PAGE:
A previously unexplored cave in the Black Hills of South Dakota is now the site of great curiosity, as researchers look for clues related to the region’s climate throughout the past several thousand years. Persistence Cave was first discovered in 2004 in Wind Cave National Park in western South Dakota.
After keeping the cave a secret from the public for more than a decade, the National Park Service is now excavating the mouth of the cave in preparation for exploring it further and discovering any secrets it holds.
On Monday, Eastern Tennessee University professor, Jim Mead, will lead a team of scientists into the cave, removing sediment and animal bones from its entrance. Those specimens will be examined carefully after bones as old as 11,000 years old have already been found, in addition to the remains of pika, pine marten, and platygonus, three species that have not previously been found in that part of the country.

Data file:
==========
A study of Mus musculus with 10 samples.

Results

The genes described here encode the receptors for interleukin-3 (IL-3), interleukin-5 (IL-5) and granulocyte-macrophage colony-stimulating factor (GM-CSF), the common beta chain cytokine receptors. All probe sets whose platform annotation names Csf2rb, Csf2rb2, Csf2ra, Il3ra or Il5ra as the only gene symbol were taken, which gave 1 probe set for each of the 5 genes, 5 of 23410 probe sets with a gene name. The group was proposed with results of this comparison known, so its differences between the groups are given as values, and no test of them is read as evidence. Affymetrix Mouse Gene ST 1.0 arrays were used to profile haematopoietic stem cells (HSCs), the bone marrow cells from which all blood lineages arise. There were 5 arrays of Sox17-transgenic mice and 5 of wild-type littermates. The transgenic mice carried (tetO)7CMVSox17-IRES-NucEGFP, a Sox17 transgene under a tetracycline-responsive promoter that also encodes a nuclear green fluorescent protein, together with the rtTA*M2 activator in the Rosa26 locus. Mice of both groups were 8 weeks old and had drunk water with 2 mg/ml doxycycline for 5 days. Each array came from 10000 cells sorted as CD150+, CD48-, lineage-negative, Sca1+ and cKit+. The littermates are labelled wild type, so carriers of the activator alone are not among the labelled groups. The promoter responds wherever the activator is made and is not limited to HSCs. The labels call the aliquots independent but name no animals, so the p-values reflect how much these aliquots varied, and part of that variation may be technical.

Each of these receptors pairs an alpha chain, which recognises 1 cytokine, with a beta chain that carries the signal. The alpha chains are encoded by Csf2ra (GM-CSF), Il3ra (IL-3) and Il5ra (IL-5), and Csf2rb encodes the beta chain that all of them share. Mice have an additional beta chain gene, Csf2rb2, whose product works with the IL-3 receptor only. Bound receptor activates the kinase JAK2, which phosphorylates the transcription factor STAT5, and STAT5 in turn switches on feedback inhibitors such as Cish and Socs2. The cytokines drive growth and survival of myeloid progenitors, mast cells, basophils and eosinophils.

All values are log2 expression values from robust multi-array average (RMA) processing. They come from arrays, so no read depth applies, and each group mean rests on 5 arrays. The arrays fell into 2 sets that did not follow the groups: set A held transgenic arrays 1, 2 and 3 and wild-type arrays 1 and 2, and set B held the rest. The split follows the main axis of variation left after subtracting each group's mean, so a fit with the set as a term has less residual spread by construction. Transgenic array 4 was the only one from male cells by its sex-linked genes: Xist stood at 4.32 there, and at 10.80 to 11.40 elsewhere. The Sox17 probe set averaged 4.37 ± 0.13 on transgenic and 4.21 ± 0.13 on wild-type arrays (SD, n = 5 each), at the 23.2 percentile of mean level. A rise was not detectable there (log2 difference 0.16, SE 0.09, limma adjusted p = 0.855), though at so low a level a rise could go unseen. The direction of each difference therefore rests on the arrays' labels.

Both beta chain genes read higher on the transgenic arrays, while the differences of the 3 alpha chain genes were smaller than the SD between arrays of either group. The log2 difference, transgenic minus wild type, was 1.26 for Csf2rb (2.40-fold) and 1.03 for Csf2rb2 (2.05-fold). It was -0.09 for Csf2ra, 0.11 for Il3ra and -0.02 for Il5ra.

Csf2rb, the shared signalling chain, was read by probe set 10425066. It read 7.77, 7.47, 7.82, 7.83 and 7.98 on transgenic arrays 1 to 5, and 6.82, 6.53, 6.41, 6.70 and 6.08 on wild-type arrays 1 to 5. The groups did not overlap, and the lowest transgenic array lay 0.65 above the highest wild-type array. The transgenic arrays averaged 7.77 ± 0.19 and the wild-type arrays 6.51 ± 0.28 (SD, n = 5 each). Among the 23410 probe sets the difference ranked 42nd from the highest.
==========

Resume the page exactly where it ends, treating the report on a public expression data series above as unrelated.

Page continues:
Mead explains that the pika, a rodent-like mammal, still lives in cold and mountainous areas of North America, indicating that the climate in the Black Hills may have been drastically different at one point in time. This makes Persistence Cave the site of an important ecological discovery and expedition.
The fossils uncovered at the cave will be studied in conjunction with fossils of prehistoric animals found at a nearby Hot Spring during the 1970s. Data uncovered from the two sites will be used to map out changes in that region’s climate over the past several thousand years. Mead explains that the goal “is to understand essentially the Ice Age environmental change through time.”
Once the sediment is removed from the mouth of the cave, a team of spelunkers and staffers from the park service will start to explore the insides of the cave. Scientists believe it’s possible that Persistence Cave may connect to the nearby Wind Cave. If that’s the case, an environmental gate could be installed, allowing for travel between the caves. But before any of that can happen, Mead and his team will begin to explore the mouth of Persistence Cave starting Monday.